Britain helped force Mugabe out, but still sees his shadow

Story Highlights
  • The support Britain was ready to offer to the Mnangagwa administration is a reminder that it was a gift to a leopard that could not change its spots. President Mnangagwa was Mugabe’s protégé for over five decades and his chief enforcer.

By Gibson Nyikadzino

AS Britain subtly endorsed Zimbabwe’s November 2017 coup that had Chinese footprints, the African country’s former coloniser anticipated a fresh turn to the London-Harare interactions.

Relations between the two countries deteriorated during Robert Mugabe’s 37 year tenure. Mugabe incensed the British when he moved into white owned farms and redistributed land to the landless blacks, belittled human rights, administered a corrupt ring of oligarchs and quashed opposition politics.

In 2003, the late Mugabe withdrew Zimbabwe from the Commonwealth of Nations, protesting what he termed: “British interference in Zimbabwe’s internal affairs.”

The 2017 coup that deposed Mugabe was meant to wash away his footprints and cleanse the nation of his “dictatorial” legacy. Then British Ambassador to Zimbabwe Catriona Laing sent diplomatic signals that favoured Mugabe’s successor, Emmerson Mnangagwa, when she appeared at Number 10 Downing Street wearing the latter’s trademark Zimbabwean scarf.

Mnangagwa, 78 and nicknamed “crocodile” because of his patience and political astuteness, played to the British and world gallery as a reformist. The “Crocodile” noted Zimbabwe would quickly be in the “family of nations and the Commonwealth” soon since the country “has lost twenty years of development.”

Political, electoral and economic reforms remained part of his rhetoric and appeasement policy for “legitimacy” and acceptance.

A day before Mnangagwa’s inauguration on 24 November 2017, on his arrival in Harare, then British Minister of Africa Rory Stewart said: “This is an absolutely critical moment in Zimbabwe’s history. Zimbabweans suffered for too long as a result of Mugabe’s ruinous rule. The events of the last few days have given people here real hope that Zimbabwe can be set on a different, more democratic and more prosperous path.”

As a gesture of normalcy, then British Foreign Affairs secretary Boris Johnson in April 2018 hosted his Zimbabwean counterpart and said his country wanted Zimbabwe’s re-entry into the Commonwealth. This was the first step signaling the reinstatement of relations between the two states.

“While Zimbabwe has made impressive progress, there’s still much to do,” Johnson said. “We must remember democracies are not made in a day.”

President Mnangagwa quickly coined the “Zimbabwe is Open for Business” mantra which today comes as both a curse and blessing. It has become a curse because foreign investors continue to adopt a wait and see approach for significant economic reforms to warrant investment protection. As a blessing, key business opportunities have only been accessed by an extractive elite, cartels and oligarchs, not cascading to the ordinary citizen.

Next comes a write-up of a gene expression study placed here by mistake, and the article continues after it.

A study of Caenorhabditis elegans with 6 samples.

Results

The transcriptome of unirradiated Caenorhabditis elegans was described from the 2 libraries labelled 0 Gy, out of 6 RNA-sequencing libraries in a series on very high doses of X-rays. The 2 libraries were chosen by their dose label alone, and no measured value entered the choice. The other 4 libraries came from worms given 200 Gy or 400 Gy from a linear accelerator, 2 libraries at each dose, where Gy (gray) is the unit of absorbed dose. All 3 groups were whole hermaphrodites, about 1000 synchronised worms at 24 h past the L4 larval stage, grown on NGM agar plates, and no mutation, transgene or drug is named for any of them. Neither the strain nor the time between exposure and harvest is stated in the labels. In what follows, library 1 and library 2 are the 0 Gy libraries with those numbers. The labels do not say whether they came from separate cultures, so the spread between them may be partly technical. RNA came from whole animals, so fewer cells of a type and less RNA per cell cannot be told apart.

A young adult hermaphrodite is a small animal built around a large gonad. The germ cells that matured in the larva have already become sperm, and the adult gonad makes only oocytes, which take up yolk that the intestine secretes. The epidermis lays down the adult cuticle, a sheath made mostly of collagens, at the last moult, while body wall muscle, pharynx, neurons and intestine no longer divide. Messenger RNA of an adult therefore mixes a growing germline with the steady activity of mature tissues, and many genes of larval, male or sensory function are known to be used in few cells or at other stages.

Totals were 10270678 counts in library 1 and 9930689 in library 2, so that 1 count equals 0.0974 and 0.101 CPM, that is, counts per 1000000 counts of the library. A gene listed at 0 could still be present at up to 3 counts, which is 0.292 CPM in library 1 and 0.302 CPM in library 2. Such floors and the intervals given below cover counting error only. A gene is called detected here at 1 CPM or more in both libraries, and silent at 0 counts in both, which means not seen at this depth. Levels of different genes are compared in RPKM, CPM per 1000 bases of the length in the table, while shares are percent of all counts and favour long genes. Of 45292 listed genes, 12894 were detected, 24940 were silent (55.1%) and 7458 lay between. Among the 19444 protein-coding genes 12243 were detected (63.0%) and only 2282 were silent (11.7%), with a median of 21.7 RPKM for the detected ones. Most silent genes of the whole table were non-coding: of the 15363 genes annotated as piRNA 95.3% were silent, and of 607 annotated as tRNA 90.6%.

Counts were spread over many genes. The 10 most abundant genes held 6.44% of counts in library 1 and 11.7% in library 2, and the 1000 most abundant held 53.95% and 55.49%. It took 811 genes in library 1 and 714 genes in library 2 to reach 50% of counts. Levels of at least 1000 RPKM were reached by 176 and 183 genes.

Opposition politicians confess that the post-November 2017 administration in Zimbabwe has vindicated Mugabe’s 37-year-reign in power. “What Mnangagwa has done to the opposition politicians, pro-democracy and anti-corruption activists since 2017 projects Mugabe as a kindergarten. He has closed all avenues to democracy and the country has been moved towards a military state,” Job Sikhala says.

Mugabe’s departure changed little or none. In August 2018, Mnangagwa’s Presidential Guard forces shot and killed six unarmed civilians. Five months later, another 17 were shot and killed by “members of the security forces and no one was brought to account.”

The President has continued the Mugabe legacy by administering over a country where his close associates effectively have reigns to plunder the nation’s resources without remorse for posterity and with impunity. His associates continue to be burdened with allegations of corruption, gold smuggling and influencing awarding of government tenders, allegations they cannot untag.

When Britain and its allies lecture President Mnangagwa about the importance of good governance practices, transparency, institutional reforms and opening democratic space, he swats them away and plays the sovereignty and non-interference cards, just like his predecessor Mugabe.

The Harare administration has entrenched the DNA of the Mugabe administration by clamping on opposition politicians, leniency on criminals and slow to act on delivering justice.

Though little has been done, the lack of wholesale reforms is hindering the few of what is left for President Mnangagwa to salvage his reputation as a genuine or pseudo reformist. Once likened as the Deng Xiaoping of Zimbabwe, the expectations Britain carried remain elusive.

The support Britain was ready to offer to the Mnangagwa administration is a reminder that it was a gift to a leopard that could not change its spots. President Mnangagwa was Mugabe’s protégé for over five decades and his chief enforcer.

For Britain to have seen Zimbabwe’s salvation in Mnangagwa’s presidency was too quick a belief as they quickly have lost faith. British anticipation was to quickly deal with President Mnangagwa as a case to handhold, direct and give instructions. It is now a case of a “pet that can no longer be tamed by the master.”

Britain is empirically showing how two-faced it is when dealing with Zimbabwe. As it stands, it played in the hands of the “crocodile” that drew a checkmate, and exposed the Royal Crown.